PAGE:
Monday, August 22, 2011
KING OF THE HILL
On a recent trip to the North Dakota badlands, we enjoyed watching the prairie dogs. They’re very social mammals, and I call their villages “kingdoms.” It’s hard to tell which one is king of each kingdom, however. Many of them stand upright and erect on top of their house, which is a big mound of soil, almost as if they’re vying for the privilege of being king of the hill.
ETERNAL PERSPECTIVES By Sally Bair
Where is Our Kingdom?
A dog’s domain is his doghouse or kennel, his yard or his farm. A wolf and its pack claim a specific territory for its own, and heaven help anything that invades that space. We humans tend to be territorial, too. We jealously guard our homes, property, and accumulated goods against intruders. We count ourselves owners of our jobs, our families, and our hard-earned leisure time. In other words, we consider ourselves, whether consciously or subconsciously, kings of our castles.
Our “kingdom” is where we spend most of our time, our thoughts, and our indulgences. Some of us acquired our property through family inheritance. Others of us earned our way to the top, becoming “king” through hard work and expense. Still others consider themselves king of the very little they possess. Any way you look at it, we strive to be king of our domain.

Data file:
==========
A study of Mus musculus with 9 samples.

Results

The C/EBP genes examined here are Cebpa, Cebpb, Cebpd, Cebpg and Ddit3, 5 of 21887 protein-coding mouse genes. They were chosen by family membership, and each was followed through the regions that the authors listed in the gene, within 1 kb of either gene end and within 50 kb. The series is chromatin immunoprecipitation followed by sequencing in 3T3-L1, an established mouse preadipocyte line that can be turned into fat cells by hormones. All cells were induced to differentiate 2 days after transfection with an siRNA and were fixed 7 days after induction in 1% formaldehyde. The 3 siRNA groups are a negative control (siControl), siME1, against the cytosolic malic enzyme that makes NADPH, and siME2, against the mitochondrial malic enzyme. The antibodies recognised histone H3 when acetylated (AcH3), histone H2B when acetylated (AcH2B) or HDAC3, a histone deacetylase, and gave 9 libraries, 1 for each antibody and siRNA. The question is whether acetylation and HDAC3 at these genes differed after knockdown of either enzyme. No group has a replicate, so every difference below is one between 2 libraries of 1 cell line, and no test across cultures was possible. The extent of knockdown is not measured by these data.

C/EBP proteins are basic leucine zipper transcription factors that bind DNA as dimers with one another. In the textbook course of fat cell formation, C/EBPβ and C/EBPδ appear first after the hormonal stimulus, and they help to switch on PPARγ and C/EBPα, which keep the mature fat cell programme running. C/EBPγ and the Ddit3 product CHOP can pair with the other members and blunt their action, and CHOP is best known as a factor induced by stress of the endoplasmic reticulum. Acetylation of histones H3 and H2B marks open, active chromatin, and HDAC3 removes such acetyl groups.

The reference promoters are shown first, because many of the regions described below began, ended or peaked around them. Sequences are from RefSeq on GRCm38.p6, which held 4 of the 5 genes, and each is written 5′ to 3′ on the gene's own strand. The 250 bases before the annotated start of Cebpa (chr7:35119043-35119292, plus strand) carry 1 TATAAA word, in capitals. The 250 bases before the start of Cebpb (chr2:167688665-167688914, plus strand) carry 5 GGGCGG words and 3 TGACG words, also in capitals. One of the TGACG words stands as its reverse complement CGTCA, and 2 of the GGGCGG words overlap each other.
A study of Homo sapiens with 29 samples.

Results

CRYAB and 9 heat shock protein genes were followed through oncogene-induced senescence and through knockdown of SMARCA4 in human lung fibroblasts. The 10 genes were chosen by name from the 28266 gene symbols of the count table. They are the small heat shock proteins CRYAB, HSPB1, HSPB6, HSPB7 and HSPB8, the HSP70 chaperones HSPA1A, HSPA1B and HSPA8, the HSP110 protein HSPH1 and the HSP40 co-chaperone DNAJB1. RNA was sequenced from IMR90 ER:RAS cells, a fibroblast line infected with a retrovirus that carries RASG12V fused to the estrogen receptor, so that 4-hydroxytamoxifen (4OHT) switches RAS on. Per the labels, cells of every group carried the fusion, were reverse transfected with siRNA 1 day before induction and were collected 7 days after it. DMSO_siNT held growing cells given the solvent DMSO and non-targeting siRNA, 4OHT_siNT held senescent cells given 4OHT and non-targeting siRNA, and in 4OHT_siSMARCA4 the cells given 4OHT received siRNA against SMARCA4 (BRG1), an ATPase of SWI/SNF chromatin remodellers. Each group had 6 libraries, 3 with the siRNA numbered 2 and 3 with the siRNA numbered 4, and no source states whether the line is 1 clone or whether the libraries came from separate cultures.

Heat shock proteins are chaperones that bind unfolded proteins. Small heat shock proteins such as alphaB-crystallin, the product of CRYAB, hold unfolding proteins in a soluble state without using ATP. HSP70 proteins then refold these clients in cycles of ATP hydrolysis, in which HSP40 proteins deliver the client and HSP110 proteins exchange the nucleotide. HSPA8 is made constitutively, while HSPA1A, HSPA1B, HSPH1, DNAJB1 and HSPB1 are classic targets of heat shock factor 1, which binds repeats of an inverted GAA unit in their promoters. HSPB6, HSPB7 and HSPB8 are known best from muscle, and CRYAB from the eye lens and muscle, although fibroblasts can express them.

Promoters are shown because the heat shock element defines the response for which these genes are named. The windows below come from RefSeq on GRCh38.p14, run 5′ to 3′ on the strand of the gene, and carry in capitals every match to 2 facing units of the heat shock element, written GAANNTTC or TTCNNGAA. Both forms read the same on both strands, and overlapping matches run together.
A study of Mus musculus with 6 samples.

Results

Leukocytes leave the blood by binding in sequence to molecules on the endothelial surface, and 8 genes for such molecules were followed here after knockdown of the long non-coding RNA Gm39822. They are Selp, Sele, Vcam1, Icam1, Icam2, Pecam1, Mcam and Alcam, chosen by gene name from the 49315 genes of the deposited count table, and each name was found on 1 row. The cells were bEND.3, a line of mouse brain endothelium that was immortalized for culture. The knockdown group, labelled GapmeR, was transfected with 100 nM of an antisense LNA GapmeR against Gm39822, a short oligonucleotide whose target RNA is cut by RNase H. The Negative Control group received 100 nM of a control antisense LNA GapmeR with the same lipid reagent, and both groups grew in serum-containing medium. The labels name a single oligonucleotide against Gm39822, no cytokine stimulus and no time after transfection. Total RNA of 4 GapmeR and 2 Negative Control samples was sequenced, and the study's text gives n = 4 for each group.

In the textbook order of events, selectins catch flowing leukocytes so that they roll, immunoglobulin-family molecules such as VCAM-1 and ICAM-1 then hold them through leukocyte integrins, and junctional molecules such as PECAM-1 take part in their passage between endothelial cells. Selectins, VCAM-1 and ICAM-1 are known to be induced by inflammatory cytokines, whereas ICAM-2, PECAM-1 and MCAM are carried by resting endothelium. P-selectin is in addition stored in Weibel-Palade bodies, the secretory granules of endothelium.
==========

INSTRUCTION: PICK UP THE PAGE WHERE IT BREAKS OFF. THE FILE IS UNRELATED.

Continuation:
There is a kingdom, however, that goes beyond the natural—the kingdom of God. When Jesus lived on earth, the Jews looked for a king who would bring them freedom from the oppressive rule of the Roman Empire. What Jesus brought, instead, was the divine power of God in action—salvation from sin, spiritual power over Satan’s rule and dominion, healing and deliverance, and “a life of righteousness, peace and joy in the Holy Spirit.” (Romans 14:17)
The Bible tells us we are to seek God’s kingdom daily by resisting sin, the devil, and the world’s enticements. His kingdom is not for those who take lightly the discipline of prayer nor neglect the reading and meditation of the Word. Nor is it for those who have little spiritual hunger or desire to know God better.
His kingdom is more like that of Jacob, from the Old Testament, who wrestled with God all night in order to obtain his blessing. His kingdom is like that of Elijah who challenged the Baal worshipers to a power-duel because he knew that his God, the One True God, would prevail over Baal, their man-made god. His kingdom is like that of Daniel’s three friends who were supernaturally rescued from a burning furnace because they insisted on worshiping and believing only in the One True God.
For those who believe, the kingdom of God offers salvation, safety, peace, joy, and “unspeakable riches.” No other kingdom can offer that. It’s ours for the mere asking and believing.
Lord, we thank you that your kingdom of power and glory can be ours. We ask that only You—not any other “god”—will rule in our hearts, minds, and souls. In Jesus’ Name, amen.